Les inondations de mercredi dans la région de Djeddah, en Arabie saoudite, les plus graves depuis plusieurs années, ont fait 106 morts, ont annoncé dimanche les services de secours. Quelque 1400 personnes bloquées par les eaux ont pu être secourues depuis quatre jours et les recherches, notamment aériennes, se poursuivent pour retrouver des dizaines de disparus. En raison des pluies torrentielles, deux ponts conduisant à Djeddah se sont effondrés. Selon les autorités, aucun pèlerin se rendant à La Mecque pour le hadj, le pèlerinage annuel, ne figure parmi les morts.
Extrait d’Arab News de ce matin
JEDDAH: Operations have been going on round the clock to clear the Harmain Expressway in east Jeddah of hundreds of mangled vehicles destroyed in the Wednesday’s devastating flash floods in which at least 106 people drowned. The section of the expressway next to King Abdulaziz University was one of the worst affected areas when the floodwaters swept across from higher grounds to the east. By mid-afternoon Saturday, operators from Saudi Crane Services said that they had removed 700 vehicles from one stretch of the expressway.
The reason for the rush is that Haj officially ends on Monday although many pilgrims start heading home on Sunday. The expressway is the main route between Makkah and Jeddah’s King Abdulaziz International Airport and the majority of this year’s two million or so pilgrims will be heading toward it.
Despite the clear-up operations, the scene was still one of dreadful devastation. Scores of wrecked vehicles still littered the area. Massive cranes, several stories high — there were seven of them at work, one with a 500-ton lift capacity — were lifting vehicles smashed on top of each other and lowering them to waiting tow-trucks to take them to the scrap yard. Almost all of them were total write-offs. In a bizarre way after a short while, it looked like a construction site — cranes at work moving objects. Except that this had been a place of death for so many just a couple of days before.
“I’ve never seen anything like this in my life” said one crane operator on Saturday. He had worked around the world moving all sorts of things. Among the bodies pulled out of the mass wreckage, there was one, the previous day, of a small girl, six years of age. Those working were deeply affected.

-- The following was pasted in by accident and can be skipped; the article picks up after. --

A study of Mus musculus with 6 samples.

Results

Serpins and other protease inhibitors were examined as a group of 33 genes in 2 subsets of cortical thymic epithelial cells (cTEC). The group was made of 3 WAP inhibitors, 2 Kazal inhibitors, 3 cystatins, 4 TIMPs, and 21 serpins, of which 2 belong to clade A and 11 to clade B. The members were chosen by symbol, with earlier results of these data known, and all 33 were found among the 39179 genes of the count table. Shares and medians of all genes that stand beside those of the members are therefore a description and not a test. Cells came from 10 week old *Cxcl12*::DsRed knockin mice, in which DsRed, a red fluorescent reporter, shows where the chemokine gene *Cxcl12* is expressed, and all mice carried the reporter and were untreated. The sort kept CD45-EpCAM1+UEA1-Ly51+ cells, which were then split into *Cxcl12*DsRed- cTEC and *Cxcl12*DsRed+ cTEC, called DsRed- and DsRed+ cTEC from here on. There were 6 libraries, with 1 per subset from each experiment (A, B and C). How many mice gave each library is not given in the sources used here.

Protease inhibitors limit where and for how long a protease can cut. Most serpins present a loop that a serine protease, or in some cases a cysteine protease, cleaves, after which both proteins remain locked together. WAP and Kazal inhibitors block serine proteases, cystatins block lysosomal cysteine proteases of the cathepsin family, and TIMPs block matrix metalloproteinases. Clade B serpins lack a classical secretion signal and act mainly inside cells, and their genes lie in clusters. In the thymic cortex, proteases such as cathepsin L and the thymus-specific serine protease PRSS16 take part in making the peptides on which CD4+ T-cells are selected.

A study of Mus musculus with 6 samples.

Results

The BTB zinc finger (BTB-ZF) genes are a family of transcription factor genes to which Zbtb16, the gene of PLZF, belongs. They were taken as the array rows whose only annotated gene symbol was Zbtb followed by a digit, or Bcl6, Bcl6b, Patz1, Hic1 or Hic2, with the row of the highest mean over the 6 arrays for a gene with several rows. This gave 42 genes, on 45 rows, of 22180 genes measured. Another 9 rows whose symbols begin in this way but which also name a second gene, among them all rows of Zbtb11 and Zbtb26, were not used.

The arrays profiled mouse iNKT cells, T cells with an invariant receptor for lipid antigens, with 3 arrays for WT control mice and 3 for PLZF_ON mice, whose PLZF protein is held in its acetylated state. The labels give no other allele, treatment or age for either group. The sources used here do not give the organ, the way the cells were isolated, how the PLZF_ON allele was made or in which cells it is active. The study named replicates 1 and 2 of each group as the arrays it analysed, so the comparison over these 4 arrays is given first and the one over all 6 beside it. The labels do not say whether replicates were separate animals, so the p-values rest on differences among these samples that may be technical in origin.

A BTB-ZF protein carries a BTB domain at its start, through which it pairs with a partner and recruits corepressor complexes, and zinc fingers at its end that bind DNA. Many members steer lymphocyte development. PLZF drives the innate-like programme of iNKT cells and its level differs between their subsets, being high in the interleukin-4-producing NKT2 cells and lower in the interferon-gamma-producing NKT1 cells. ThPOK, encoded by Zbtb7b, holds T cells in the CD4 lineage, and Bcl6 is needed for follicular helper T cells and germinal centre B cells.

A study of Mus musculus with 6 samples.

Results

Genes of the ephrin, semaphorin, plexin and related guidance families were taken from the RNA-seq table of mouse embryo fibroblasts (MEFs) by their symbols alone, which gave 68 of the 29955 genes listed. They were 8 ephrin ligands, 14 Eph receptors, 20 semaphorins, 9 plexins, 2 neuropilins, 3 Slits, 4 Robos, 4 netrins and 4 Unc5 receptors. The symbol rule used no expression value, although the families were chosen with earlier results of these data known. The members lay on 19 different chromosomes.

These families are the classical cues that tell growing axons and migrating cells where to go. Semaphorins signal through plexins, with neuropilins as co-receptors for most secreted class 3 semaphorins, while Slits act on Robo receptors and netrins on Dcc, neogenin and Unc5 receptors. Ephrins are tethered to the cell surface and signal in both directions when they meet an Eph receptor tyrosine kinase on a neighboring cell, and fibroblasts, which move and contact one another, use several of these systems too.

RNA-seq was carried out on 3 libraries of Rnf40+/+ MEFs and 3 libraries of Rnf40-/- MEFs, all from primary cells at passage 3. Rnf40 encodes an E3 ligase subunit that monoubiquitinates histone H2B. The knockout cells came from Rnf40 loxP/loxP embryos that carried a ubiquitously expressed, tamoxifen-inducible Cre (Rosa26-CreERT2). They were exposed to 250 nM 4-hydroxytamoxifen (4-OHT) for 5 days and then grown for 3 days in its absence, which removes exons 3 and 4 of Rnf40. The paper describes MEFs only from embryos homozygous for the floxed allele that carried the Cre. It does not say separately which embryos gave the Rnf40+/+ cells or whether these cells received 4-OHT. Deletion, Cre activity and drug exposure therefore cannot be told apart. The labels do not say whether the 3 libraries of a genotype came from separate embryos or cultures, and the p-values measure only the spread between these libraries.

Mass wreckage is precisely what it was. There was no way that anyone could see it as a collection of individual wrecked vehicles, even if they were being lifted out one by one. There was a cataclysmic collectivity about it — so horrendous as to be almost impossible to believe what one was seeing. The scale of destruction was what happens in Hollywood movies, not in real life, not in front of your eyes. For the crane operators, it was dangerous as well as emotionally difficult. Among the many vehicles that had to be removed was a gas tanker. Metal on metal can make sparks and it could easily have exploded. It had to be covered in foam before it could be moved.
It was difficult not to be impressed by the speed of the clear-up operation in the university stretch of the expressway; 24 hours before it had been a mass of mangled metal. Even so, it provided an awesome indication of the scale of the disaster. If over 700 vehicles were removed from that one stretch — and it looked as if there were another hundred remaining — then given the damage seen in other areas of the city, there must have been well over 2,000 vehicles destroyed.
Meanwhile, further west in the city, tens of thousands of tons of water were being pumped out of the King Abdullah Road underpass and the Prince Majed underpass near King Abdulaziz University. Jeddah Municipality announced that it hoped to reopen the former on Sunday. If it is, it will be impressive too. But it would have been so much better if no one had needed to be impressed by the speed of the clear-up operations.